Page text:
Pianist Charlie Albright on Rhapsody and the Soul of Music
By Lou Fancher
A performance by pianist Charlie Albright is timeless.
Striding onto stages worldwide, an educated guess at his age would say the young musician is likely in his mid-to-late 20s. Albright does not want years lived to be a backdrop against which he is evaluated and says in an interview that his age is “not for publication.” But shut your eyes and open your ears to his all-Schubert series, recall one of his five collaborative appearances with celebrated cellist Yo-Yo Ma, or catch the 2009 “Waltz Improvisation” video on his website to experience a sonic time warp.
Albright’s exuberant playing could be that of a 7-year-old, the age at which he moved from picking out Disney tunes and classic rock-n’-roll songs by ear to lessons with piano teacher Nancy Adsit. Or it could be the soulful playing of a seasoned master, age 75.
Albright confirms the impression that his approach snips the ribbons connecting age and performance: “Depending on what I’m playing, I control my age more or less at different times,” he says. “For Schubert concerts I’ve played; well, Schubert died young but you can’t play him right until you’re 80 years old. Every time I walked onstage I tried to imagine myself with that much life experience. That made me play with more maturity, more control. Certain things by Haydn or Mozart, I’m much more free, lively, energetic.”
Those adjectives are likely to apply to Albright’s Jan. 24 appearance in Walnut Creek with the California Symphony and Music Director Donato Cabrera. An American, jazz-inspired program has Albright joining the orchestra for the original, jazz band version of George Gershwin’s Rhapsody in Blue.
“I’ve played it a lot in the past, so it’s kind of like an old friend,” he says. “My interpretation changes each time I bring it back. I’ve found new voices, new rhythms, so it’s exciting. As with any piece [you return to], you have fresh ears.”
The priorities, he says, include not taking too serious an approach to the 1924 work, which Gershwin composed in record time and performed with embellishments that were never written down. “Not every line has to be shaped so that no notes stick out. That can go by the wayside. Percussive outbursts become more important: You have to keep it fun. If it becomes too serious, that’s not the point of Rhapsody.”
The technical hurdles — repeated parts, rhythmic complexities, and playing like a jazz band, with the “conversation” between individual instruments more important than blending the whole orchestral sound — demand improvisational chops. Albright says the “lost art” of improvisation is the “other side of the coin” from classical music, but insists it is foundational. “Two hundred years ago, they were doing improvisations that were eventually written down. It’s the core of music. Unfortunately, it disappeared in the 1900s. They became obsessed with turns coming on the upper note or the lower note; playing things exactly as written.” Cheered that respect for and interest in improvisation is making a comeback, he says, “If you hear a live improvisation, there’s not editing. You hear the person, not artificiality.”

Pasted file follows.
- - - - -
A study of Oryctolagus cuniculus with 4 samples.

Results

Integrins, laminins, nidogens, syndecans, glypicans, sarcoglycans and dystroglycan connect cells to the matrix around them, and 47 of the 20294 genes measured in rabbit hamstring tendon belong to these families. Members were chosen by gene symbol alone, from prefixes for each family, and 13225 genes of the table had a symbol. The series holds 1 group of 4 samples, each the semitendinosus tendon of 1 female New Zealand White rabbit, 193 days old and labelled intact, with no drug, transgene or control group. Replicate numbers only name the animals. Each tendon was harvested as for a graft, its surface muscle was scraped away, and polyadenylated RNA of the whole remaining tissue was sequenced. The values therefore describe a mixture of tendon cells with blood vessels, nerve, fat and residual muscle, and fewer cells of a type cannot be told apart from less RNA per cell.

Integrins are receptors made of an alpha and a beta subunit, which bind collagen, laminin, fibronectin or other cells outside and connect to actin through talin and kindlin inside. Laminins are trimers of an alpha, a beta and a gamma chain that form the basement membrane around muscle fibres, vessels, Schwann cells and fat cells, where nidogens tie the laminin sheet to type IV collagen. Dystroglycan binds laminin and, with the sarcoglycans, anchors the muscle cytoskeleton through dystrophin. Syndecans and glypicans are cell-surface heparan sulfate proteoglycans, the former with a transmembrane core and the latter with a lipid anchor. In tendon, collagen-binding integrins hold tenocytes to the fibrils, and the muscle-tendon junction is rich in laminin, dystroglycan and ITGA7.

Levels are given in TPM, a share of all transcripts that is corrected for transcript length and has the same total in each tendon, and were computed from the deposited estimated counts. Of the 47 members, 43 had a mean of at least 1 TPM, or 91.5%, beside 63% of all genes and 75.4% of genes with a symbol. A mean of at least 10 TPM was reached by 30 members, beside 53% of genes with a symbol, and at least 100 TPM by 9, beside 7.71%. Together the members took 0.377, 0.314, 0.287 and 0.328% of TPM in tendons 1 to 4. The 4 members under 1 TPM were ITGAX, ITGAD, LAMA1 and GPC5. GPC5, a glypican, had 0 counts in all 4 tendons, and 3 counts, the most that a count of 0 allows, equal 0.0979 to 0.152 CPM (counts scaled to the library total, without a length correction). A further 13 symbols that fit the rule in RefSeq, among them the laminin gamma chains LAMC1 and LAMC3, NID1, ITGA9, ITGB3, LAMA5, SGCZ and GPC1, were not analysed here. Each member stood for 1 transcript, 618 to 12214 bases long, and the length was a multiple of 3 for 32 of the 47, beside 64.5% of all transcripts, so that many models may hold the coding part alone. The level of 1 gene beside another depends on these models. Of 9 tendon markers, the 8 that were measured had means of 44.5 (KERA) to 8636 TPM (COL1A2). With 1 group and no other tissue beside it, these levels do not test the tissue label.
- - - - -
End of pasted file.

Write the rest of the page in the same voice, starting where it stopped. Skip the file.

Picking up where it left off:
The comment strikes an intriguing segue to the message sent by his online presence. Visiting his website, blog, Facebook page — multiple reviews are first and foremost. A flood of words written by people other than Albright tell a person who he is, what he thinks, how he performs. But dig a bit deeper and you find an abundance of sharing — his favorite foods (Chipotle’s chicken bowl, high among them); photos taken during tours; preferred playlists (Korean pop music); direct, chipper responses to fans’ messages, and more. It’s as if he sets up a wall with the reviews, then knocks it down with personality. Asked what impression he desires to make, he says, “I hope I come to my audience as approachable and sincere. I hope that never changes. And humble. Classical music is often the opposite of that, especially to people who aren’t familiar with it.”
Albright is grateful that while growing up in Centralia, WA, his parents never pressured him to play the piano and were “the antithesis of tiger parents.” His father suffered from Reflex Sympathetic Dystrophy Syndrome, a chronic condition whose most severe symptom is intense, fiery pain affecting the extremities. Albright says it may have influenced his academic choices. Albright completed the Harvard/New England Conservatory B.A./M.M. 5-Year Joint Program in 2012, receiving his B.A. in Economics as a premedical student and his Masters of Music in Piano Performance. “I grew up loving piano, but I also knew that you have to be able to make a living, pay the bills. Music isn’t just how well you play, it’s about luck and blessings and factors outside of your control. I have a fallback.”
In the meantime, he has a healthy approach to practicing and performing that includes micro rest. “Even a third of a second of rest can make a difference,” he says. While his left hand plays a run, the right hand lifts and rests. The voice of his first teacher, Adsit, stays with him, reminding him to stay loose, drop his shoulders, and resist tightening during difficult passages.
Albright isn’t one to practice for hours and says there’s one thing he will never play without. “Soul is the deep point of music. I’d rather miss half of the notes and move the audience than play perfectly and fail to communicate anything. Joy, tragedy, desperation, despair, happiness, whatever, you must move audiences — that is the point of music.”